October 8, 2016

All That Is Solid Melts into Air by Darragh McKeon (Review)

Title: All That Is Solid Melts into Air
Author: Darragh McKeon
First published: 2014
Add it: Goodreads, Book Depository
Rating: ★★★★★

I've just returned from an Italian holiday! Love this country: food and Renaissance are both amazing! Before the journey, I had thought for quite some time about what I wanted to read on the trains, and had decided on probably the least holiday-themed book ever. But somehow, it fitted perfectly. The thing is, I went on this trip with my mom, and we always have these heated discussions about politics and Soviet Union. She's often resentful of me being so negative about the whole period. I guess she's nostalgic of the era of her crazy young life, or maybe the propaganda is so ingrained into your brain that you can't easily get rid of it. I try to listen to her, but I can't but remember all the facts that I've read and that are painting a very different picture than what she remembers. The picture this book paints, for example, is not pretty. It is true and painful and urgent and shows exactly what was wrong with the social system in Soviet Union at the time of the Chernobyl catastrophe.

I'm usually skeptical about non-soviet authors writing about soviet times. True, there is such thing as research, but I didn't believe you could write based on research as believably as if you'd lived it. Well, this book proves me wrong. Every little detail rings true, beginning with the mundane stuff like living arrangements to the unsaid fears deep in the people's minds. The writing is very vivid and precise, and it lulls you into the atmosphere of the book so that it's very difficult to put down.

I admit I didn't know much about Chernobyl meltdown before reading this book, just the basics. As it turns out, the catastrophe was much more horrible than I could have imagined. And the most horrifying thing is not radiation itself, it's how the system prevented any kind of effective counter-actions. There was even no backup plan or emergency procedure, because preparing them would mean admitting the plant could fail, and that's just unthinkable, right? If you just imagine how many lives could have been spared if they actually counted for something! Medical advice was ignored to honor subordination and save the face of the officials and the nation and people were treated.. well, in the same way as people were always treated in Soviet Union.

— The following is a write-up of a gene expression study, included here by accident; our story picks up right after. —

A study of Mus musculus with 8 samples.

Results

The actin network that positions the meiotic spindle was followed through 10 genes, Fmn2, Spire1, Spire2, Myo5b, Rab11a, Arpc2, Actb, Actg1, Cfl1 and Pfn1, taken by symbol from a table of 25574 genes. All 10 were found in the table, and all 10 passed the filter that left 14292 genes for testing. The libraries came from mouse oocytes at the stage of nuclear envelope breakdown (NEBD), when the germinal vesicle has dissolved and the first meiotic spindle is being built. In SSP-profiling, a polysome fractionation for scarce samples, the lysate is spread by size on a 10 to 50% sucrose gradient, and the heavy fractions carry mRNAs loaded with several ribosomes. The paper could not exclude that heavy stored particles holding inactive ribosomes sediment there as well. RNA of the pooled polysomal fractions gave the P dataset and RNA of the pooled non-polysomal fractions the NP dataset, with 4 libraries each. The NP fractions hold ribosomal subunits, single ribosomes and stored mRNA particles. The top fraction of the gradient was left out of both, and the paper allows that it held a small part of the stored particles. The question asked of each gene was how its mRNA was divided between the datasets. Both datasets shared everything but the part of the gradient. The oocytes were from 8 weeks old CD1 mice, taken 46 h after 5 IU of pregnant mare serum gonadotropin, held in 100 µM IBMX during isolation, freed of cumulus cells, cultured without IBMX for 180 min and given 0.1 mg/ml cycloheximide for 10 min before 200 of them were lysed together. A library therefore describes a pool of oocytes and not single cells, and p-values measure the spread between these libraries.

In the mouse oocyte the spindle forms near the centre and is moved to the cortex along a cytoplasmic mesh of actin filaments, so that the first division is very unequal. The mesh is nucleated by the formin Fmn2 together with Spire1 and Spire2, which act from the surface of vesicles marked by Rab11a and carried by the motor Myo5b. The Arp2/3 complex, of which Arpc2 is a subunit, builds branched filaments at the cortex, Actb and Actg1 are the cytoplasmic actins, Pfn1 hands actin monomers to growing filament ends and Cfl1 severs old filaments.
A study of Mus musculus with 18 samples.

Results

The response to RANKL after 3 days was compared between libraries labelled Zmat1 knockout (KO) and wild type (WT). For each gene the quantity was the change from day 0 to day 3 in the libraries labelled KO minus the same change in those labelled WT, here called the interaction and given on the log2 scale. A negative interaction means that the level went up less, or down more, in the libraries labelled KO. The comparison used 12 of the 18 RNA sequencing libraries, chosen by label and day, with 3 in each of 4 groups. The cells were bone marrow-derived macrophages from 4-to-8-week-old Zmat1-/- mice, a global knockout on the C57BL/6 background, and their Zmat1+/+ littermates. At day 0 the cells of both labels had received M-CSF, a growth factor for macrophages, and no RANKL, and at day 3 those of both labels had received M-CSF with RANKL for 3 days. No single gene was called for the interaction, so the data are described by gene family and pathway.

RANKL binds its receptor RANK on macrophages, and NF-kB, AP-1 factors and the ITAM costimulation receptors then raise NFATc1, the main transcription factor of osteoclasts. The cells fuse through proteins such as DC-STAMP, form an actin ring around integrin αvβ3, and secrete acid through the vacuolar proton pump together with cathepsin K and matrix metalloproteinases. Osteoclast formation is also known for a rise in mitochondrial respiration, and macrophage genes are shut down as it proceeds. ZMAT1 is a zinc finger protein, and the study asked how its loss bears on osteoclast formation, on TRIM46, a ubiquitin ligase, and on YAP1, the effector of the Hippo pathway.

In my book: A very powerful book that shows the big picture of the catastrophe and the small, individual picture of the lives of the people caught in its whirlwind. Really stunning!


  1. Sounds like a powerful book. I have Voices From Chernobyl right now, maybe I'll read this someday too...
    My SIL is usually oddly nostalgic about the USSR. I think it's mostly nostalgia for her youth, really. I never argue with her about it, because what do I know?

    1. Looking forward to hearing what you have to say about Voices. What I've heard is that the book is pretty devastating. I'd be interested in picking it up, but after a small break from this) So your SIL lived in USSR? How interesting! When did she move, if it's not too personal?

    2. Yeah, I'm kind of nervous about picking it up. I'm sure you should take a break before reading it!

      My SIL is Russian and left in her mid-20s (this would be, what, around 1997 or so?) to teach Russian at a university in Germany, where she and my brother met. I don't think she really meant to move to the US, it's just how things turned out.